There is a theologian and religious philosopher named Adam Kotsko who claims to be a Christian Atheist. In an interview in Religious Dispatches Magazine he seems to try to explain this. The section of the interview which he addresses this idea is below and the full article can be read here.

 

Christopher Hitchens has said something to effect, and I can't find the quote, that if you take away many of the revolting aspects of religion, pushing your faith on others, the mandatory fear and worship of god, etc.. then he too would be a fan. This is not what Kotsko is suggesting but I believe he is saying that if you make Christianity more "humanistic" in nature, then you can both be an atheist and a christian.

 

I personally reject the idea, and think this is just another theologan trying to find a way to push back against the rise of secularism but I was wondering your interpretations and thoughts.


Can a chrisitan be an atheist according to Kotskos "logic"? 

 


Well, first I want to hedge on this atheist question in some way, and say I’m not a traditional theist; but if I’m an atheist, I’m at least a Christian one.

In any case though, I think that a lot of work by secular philosophers recently has been reclaiming the Christian tradition, and theological concepts, that provides some prima facie evidence for its relevance—people like Slavoj Zizek or Alain Badiou or Georgio Agamben. My work’s been very influenced by them as a way to reclaim the Christian heritage in a more convincing way than simply rejecting it because it has religiousness all over it.

At one point theologian Thomas Altizer posted on your blog that we haven’t really thought through a proper atheism yet.

Right. I think that you can see this with the New Atheists. Dawkins’ and Hitchens’ and Dennett’s books are a kind of simplistic critique of religion that’s basically not going to change anyone’s mind. I think there has to be more to say about religion other than the fact that it makes no sense as an empirical claim. That’s just too obvious to be interesting. I think that we as a society deserve a better form of atheism.

Another of the interesting moves you make is you effectively leave the anthropomorphic God “in place,” which is a definite contrast to the attempts to deconstruct the God of metaphysics in the work of philosophers like Jean-Luc Marion and Richard Kearney. What was the rationale for leaving God in place?

I took my cue from Dietrich Bonhoeffer, who has argued that we have to accept the metaphysical parts of Christianity. This is against the work of Bultmann who in his reading attempts to rehabilitate Christianity by cutting out the bits that seem credible to contemporary people.

Bonhoeffer says basically to leave the myth in place, but what we need to do is remove the religious framework through which we interpret it. So we’re not necessarily talking about God, we’re talking about human beings. My reading is relevant to our concerns in our world, and not primarily about salvation or the Church. I object to the de-mythologizing approach in that it’s fundamentally arbitrarily and that it always has Christianity and theology in retreat. It’s trying to be acceptable to a liberal audience, and it’s doomed to be unpersuasive. You’re basically admitting what you’re saying is irrelevant. So I think preserving the text as is but with a different framework is a better approach.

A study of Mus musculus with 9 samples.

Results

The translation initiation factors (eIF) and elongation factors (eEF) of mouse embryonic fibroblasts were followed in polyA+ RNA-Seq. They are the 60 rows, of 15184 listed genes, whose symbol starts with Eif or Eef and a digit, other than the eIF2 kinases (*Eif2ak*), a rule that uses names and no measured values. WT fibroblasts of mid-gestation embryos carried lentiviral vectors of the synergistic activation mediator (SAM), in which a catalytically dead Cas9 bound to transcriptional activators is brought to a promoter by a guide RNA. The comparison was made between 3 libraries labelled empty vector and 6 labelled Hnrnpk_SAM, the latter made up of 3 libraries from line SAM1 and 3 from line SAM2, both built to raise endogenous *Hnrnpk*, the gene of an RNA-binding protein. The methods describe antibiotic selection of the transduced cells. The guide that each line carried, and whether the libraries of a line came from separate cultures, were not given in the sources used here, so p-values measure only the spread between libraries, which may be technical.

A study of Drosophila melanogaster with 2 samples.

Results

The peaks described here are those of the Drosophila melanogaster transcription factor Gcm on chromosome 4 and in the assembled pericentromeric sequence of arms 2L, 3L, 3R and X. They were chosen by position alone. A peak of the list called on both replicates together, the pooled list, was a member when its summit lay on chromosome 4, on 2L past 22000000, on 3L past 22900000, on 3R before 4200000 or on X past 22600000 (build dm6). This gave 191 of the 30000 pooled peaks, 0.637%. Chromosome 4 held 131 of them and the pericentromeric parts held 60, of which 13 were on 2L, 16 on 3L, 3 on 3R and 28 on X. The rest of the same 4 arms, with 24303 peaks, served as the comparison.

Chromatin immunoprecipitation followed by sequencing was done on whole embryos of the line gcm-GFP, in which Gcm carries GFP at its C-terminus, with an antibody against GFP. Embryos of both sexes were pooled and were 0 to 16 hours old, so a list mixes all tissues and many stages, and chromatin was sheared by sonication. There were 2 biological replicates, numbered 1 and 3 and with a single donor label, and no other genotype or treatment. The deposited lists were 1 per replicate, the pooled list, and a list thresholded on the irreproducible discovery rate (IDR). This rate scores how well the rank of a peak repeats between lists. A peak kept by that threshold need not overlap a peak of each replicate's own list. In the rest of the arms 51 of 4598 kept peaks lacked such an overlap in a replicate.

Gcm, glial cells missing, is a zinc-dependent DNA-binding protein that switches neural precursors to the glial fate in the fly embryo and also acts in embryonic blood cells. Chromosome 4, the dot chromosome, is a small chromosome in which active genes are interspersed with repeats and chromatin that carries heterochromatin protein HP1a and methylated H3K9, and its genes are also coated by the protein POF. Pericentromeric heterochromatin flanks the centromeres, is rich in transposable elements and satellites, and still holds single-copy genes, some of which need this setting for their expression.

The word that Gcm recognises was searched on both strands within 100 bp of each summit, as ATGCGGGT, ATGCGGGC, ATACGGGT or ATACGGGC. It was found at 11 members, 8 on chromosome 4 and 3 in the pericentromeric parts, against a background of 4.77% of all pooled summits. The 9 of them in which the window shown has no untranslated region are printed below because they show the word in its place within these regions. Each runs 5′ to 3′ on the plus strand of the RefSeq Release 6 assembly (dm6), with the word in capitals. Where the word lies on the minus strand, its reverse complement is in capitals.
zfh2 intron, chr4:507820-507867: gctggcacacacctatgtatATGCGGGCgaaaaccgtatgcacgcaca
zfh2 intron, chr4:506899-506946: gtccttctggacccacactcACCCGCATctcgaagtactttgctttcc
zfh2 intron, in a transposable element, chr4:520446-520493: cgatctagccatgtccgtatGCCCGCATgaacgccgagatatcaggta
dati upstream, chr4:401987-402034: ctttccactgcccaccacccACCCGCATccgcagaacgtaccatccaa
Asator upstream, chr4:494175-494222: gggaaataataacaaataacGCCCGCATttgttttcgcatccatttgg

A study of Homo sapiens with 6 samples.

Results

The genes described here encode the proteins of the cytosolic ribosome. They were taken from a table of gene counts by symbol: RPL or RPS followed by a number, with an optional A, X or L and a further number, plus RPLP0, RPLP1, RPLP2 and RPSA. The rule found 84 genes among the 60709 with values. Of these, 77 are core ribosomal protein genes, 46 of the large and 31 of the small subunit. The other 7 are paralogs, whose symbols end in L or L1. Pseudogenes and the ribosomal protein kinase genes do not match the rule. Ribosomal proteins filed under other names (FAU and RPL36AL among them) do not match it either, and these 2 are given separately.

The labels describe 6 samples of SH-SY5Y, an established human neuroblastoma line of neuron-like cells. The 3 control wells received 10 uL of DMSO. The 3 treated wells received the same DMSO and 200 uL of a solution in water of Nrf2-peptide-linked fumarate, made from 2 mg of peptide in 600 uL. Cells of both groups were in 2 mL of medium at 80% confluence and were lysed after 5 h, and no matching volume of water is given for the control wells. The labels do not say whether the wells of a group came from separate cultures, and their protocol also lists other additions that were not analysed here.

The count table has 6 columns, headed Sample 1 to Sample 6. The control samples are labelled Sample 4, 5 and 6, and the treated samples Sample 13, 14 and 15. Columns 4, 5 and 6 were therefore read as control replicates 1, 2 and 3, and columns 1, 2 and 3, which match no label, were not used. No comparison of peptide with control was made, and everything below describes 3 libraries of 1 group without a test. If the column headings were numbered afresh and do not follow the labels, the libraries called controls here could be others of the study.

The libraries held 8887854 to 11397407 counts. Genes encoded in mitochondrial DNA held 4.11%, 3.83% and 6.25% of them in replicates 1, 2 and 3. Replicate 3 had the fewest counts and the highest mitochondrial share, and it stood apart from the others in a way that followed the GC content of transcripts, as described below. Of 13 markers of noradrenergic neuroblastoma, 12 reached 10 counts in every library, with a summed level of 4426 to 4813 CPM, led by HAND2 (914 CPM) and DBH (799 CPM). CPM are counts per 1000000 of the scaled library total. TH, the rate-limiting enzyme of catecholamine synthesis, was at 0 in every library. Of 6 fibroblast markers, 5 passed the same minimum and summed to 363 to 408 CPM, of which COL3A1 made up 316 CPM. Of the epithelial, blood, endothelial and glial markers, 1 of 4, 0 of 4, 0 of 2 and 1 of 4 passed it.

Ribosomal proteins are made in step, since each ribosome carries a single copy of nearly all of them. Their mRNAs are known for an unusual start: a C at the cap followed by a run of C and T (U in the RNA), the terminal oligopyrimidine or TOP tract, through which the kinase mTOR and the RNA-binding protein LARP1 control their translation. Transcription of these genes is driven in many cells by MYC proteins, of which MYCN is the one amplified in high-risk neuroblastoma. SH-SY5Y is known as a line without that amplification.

So is it possible to have atonement if we deconstruct the idea of God?

I think it’s possible to have redemption, and have change and transformation in the way we relate to the world and each other. I don’t think that requires God.


In my opinion one can't be both Atheist and Christian as I consider such an implication contradictory. To me a Christian is someone who adheres to Christianity. Since Christianity obviously believes in a god (and that Jesus is said god in human form), that makes them theist. And one can't be both a theist and an Atheist.

 

If someone gravitates toward some of Jesus' better teachings, I don't feel like that's enough to make ones self a Christian. I'm not certain what term you'd use to describe such a person or if one is really needed. You could say that you're fond of an individuals message, or live by some of what they've said. But we all do this based on what we've learned from vast multitudes of people. Yet we don't attempt to craft "ian's" for all of them as well. Are there legions of (George) Carlinists out there? Or is it simply better to say that you tend to agree with George Carlin?

Sounds like he's essentially atheist; a religion is a strict thing with only one right answer to it, he's trying to figure his own beliefs based on it, which is essentially agnostisism. I don't think he reolizes that you don't have to be chiristian to have values that Jesus preached, ie. forgive others who tresspass against you, etc

In the 1960's there was a movement called the Death of God movement. It took a various forms but it argued that Christians found themselves in a world where God wasn't present the way He was to people earlier in history. Had he died or abandoned the universe?

 

America was founded by Deists who believe that God did create everything but then left it to mankind and does not participate nor intervene in human affairs through miracles or plagues.

 

Notice the kinship with Death of God theology?